LIQUEUR History / Production
Liqueurs and cordials by definition are a spirit that has been flavored and sweetened. They are obtained by treating the spirits with fruits, aromatic herbs, flowers, plants or with pure juices. The spirit base can be derived from many sources: brandy, rum, malt whisky and plain / neutral spirits from grain, cane, potatoes and other vegetables. The sweetening is primarily done with sugar. The sugar can be refined or unrefined and in some cases the sugar is honey. The finished product must contain at least 2-½ % sugar or dextrose or a combination by weight.
History shows that Hippocrates recorded that the distillation of aromatic plants for medicinal purposes was practiced in the fifth century BC. Research also shows that Francois Vincent Raspail invented a liqueur to destroy parasites in the human body in 1847. The “Church” played a key role in creating and expanding the use of liqueurs.
Liqueur is derived from the Latin word liquefacera, which means to dissolve. The words liqueurs and cordials have the same meaning and are used interchangeably.
They are grouped into five broad categories according to types of flavor.
1.Fruits 2.Seeds 3.Herbs 4.Peels 5.Crèmes
There are three basic methods of production and they can be singly or in combination.
1.Percolation 2.Maceratiion 3.Distillation
Percolation is a method that is easily described since it compares exactly with percolating of coffee. With cordials the percolator is a large tank. Spirits are put into the bottom of the tank and fruit is placed in a basket-like container at the top of the tank, or in some cases suspended from the top of the tank in cloth bags. The spirits are pumped over the basket / bags repeatedly until the entire flavor has been extracted. This process is also termed “hot infusion” and the flavoring agent must be stable to heat.
The maceration method used in making cordials is not unlike the brewing of tea. The fruits or other flavorings are allowed to steep in the spirits until the entire flavor has been extracted. It is a very slow process in which the flavoring agent is soaked from twenty-four hours up to one year.
For most liqueurs and cordials, percolation or maceration is only the beginning. After the flavors have been extracted by these methods, the heavily flavored spirits are redistilled, resulting in the delicacy of flavor desired by the maker.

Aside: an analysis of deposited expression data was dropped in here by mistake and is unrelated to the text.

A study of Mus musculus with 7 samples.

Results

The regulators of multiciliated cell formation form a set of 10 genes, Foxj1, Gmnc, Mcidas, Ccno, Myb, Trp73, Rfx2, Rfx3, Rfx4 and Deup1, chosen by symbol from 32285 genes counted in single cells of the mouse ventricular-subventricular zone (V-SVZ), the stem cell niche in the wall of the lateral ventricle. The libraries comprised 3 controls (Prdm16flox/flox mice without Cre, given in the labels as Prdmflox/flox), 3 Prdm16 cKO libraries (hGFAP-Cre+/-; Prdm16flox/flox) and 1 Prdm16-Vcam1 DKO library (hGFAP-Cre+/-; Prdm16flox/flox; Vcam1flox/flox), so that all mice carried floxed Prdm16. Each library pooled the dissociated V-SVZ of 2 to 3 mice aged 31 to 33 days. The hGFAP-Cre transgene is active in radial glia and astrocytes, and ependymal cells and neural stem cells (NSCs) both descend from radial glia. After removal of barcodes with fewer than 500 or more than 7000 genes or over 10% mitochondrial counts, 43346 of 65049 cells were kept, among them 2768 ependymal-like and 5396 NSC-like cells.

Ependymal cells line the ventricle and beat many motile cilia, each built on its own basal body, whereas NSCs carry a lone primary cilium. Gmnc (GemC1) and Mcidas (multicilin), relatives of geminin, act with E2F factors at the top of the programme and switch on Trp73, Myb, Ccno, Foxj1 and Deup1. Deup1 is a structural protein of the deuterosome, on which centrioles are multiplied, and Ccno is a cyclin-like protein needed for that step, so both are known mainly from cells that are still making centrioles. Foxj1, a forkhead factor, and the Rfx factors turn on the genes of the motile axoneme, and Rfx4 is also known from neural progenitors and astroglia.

The distillation method in some areas of production of cordials / liqueurs is the only process utilized. The leaves, peels, seeds, etc. are placed in a still, covered with an alcoholic spirit and distilled. The distillate carries the flavor of the various ingredients and when finished is a high proof product. This high proof product is reduced in proof by the addition of syrup (sugar and demineralized water) and adjusted at bottling. One of the adjustments if necessary is the addition of coloring materials.
The major flavoring agents of liqueurs/cordials fall into five categories.
1. Fruit liqueurs: example; Peach, Apricot, Cherry & Blackberry Brandy
2. Citrus liqueurs: example; Orange Curacao / Grand Marnier, Southern Comfort
3. Herb liqueurs: (Herb-Seed-Flower-Roots) example; Benedictine, Chartreuse
4. Bean and kernel liqueurs: example; Kahlua, Crème de Cacao or Menthe
5. Advocaat: * example; Baileys Irish Cream
* The weakest of all liqueurs (17% alcohol by volume, 34 proof) and one of two that does not fall into any preconceived category. First looks like custard, and is made from egg yolks and grape brandy. The other is Baileys Irish Cream, whiskey blended with cream.
Cordials are commonly identified as either being proprietary or generic. A proprietary cordial is produced exclusively by the firm, which markets the brand name (i.e., Benedictine, Drambuie, Grand Marnier and Cointreau). Whereas a generic cordial is one that identifies a commonly produced type such as apricot flavored brandy, crème de menthe, triple sec, etc.